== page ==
Brussels, 5 November 2010
Financial services: The European Commission consults on further policy in the field of credit rating agencies
As part of its further work in creating a sounder financial system, the Commission services have launched today a broad consultation on credit rating agencies (CRAs). Whilst credit rating agencies are important actors in the financial markets, recent developments during the euro debt crisis have shown that there may be a need to re-examine certain aspects of the current regulatory framework. There are growing concerns that financial institutions and institutional investors may be relying too much on external ratings and do not carry out sufficient internal credit risk assessments, which may lead to volatile markets and instability of the financial system. The purpose of this consultation is to open a wider debate and get input from all stakeholders in order to calibrate the scope and ambition of any possible future legislative initiative in the field of credit rating agencies. These issues are similar to those raised at a global level in the recent Financial Stability Report. The deadline for replies is 7 January 2011.
Internal Market and Services Commissioner Michel Barnier said: "We need to learn all the lessons of the crisis. We have already Introduced EU-wide rules for better supervision and increased transparency in the credit rating market. This was an important first step. But we need to think about step two: the role of ratings themselves and the impact they can have on markets. Today, we are launching a consultation where we ask all the questions that need to be asked. The feedback we get will help us determine what further action is needed."
On 7 December 2010, a new EU regulatory framework applicable to the credit rating sector will come into force. New rules will require credit rating agencies to comply with rules of conduct in order to minimise potential for conflicts of interest, ensure higher quality ratings and greater transparency of ratings and the rating process. (See IP/09/629).
However, learning lessons from the recent euro debt crisis, some issues related to credit rating agencies still need to be sorted out. The consultation launched today asks a whole series of questions to gather views from all stakeholders on possible initiatives to strengthen the regulatory framework further for credit rating agencies.
Questions asked include:
- Overreliance: the recent euro debt crisis has renewed concerns that financial institutions and institutional investors may be relying too much on external credit ratings. The question should be asked as to whether it is right that European and national legislation refers to credit ratings, thus giving them a very important role, and whether alternatives could exist. The Commission therefore asks which measures could reduce this possible overreliance and increase disclosure by issuers of structured finance instruments in order to allow investors to carry out their own additional due diligence on a well-informed basis;
- Improving sovereign debt rating: sovereign debt ratings play a crucial role for the rated countries, since a downgrading has the immediate effect of making a country's borrowing more expensive. Given the importance of these ratings, it is essential that ratings of this asset class are timely and transparent. While the EU regulatory framework for credit ratings already contains measures on disclosure and transparency that apply to sovereign debt ratings, further measures could be considered to improve transparency, monitoring, methodology and the process of sovereign debt ratings in EU;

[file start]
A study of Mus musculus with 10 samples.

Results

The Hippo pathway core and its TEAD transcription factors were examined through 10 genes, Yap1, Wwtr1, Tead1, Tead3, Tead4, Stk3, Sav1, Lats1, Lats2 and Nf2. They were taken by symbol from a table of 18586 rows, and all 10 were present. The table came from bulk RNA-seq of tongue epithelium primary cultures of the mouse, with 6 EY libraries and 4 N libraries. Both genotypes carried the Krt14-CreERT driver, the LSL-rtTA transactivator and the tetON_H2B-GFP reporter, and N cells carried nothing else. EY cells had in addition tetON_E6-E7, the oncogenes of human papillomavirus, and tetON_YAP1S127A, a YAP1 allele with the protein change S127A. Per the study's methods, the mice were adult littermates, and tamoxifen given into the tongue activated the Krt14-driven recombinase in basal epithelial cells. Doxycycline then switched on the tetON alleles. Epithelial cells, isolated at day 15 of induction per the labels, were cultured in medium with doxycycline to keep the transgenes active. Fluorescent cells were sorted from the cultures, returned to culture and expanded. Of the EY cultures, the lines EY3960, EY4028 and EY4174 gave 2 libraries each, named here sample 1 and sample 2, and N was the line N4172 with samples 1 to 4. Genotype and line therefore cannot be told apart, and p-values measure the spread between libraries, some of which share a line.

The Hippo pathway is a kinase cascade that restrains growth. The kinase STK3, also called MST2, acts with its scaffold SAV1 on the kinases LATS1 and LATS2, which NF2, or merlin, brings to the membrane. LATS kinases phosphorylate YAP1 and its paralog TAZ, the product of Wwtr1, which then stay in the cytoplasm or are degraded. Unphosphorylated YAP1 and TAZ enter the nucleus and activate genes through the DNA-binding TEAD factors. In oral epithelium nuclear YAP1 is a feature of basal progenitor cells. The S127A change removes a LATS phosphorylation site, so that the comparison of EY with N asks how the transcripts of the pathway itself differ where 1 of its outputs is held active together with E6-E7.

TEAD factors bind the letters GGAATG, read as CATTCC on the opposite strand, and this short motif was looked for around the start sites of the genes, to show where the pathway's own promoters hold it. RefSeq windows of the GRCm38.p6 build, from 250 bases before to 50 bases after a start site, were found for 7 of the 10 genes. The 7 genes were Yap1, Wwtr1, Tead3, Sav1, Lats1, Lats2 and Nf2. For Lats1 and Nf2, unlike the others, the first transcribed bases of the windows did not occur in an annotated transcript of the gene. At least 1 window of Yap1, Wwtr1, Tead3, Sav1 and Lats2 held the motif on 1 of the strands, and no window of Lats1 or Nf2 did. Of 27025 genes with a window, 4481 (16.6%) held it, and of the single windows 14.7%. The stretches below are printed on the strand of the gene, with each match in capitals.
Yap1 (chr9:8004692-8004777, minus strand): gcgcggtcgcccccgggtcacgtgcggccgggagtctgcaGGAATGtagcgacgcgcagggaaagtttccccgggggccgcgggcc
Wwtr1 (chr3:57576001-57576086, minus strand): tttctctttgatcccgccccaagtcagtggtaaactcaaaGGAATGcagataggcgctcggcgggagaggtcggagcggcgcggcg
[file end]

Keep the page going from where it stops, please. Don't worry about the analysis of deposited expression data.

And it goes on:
- Competition: Only a handful of big firms make up the CRA sector. There are high barriers to entry. Concerns have been expressed that the rating of large multinationals and structured finance products is concentrated in the hands of only a few CRAs. This lack of competition could negatively impact the quality of credit ratings. The Commission asks what options exist to increase diversity in this sector;
- Liability: the rules on whether and under which conditions civil liability claims by investors against credit rating agencies are possible currently vary greatly between Member States. It is possible that these differences could result in CRAs or issuers shopping around, choosing jurisdictions under which civil liability is less likely. The Commission asks whether there is a need to consider introducing a civil liability regime in the EU regulatory framework for CRAs;
- Conflicts of interest: The "issuer-pays" model raises questions of conflict of interest. This model is when issuers solicit and pay for the ratings of their own debt instruments. This model is the prevailing model among CRAs. As rating agencies have a financial interest in generating business from the issuers that seek the rating, this could lead to assigning higher ratings than warranted in order to encourage the issuer to more business with them in future for example. It may also lead to practices of "rating shopping", which is when an issuer chooses a CRA on the basis of its likely rating. The Commission asks what evidence there is for such practices and whether alternative models would be possible.
On the basis of the replies to the consultation, the Commission will decide on the need for any measures in 2011.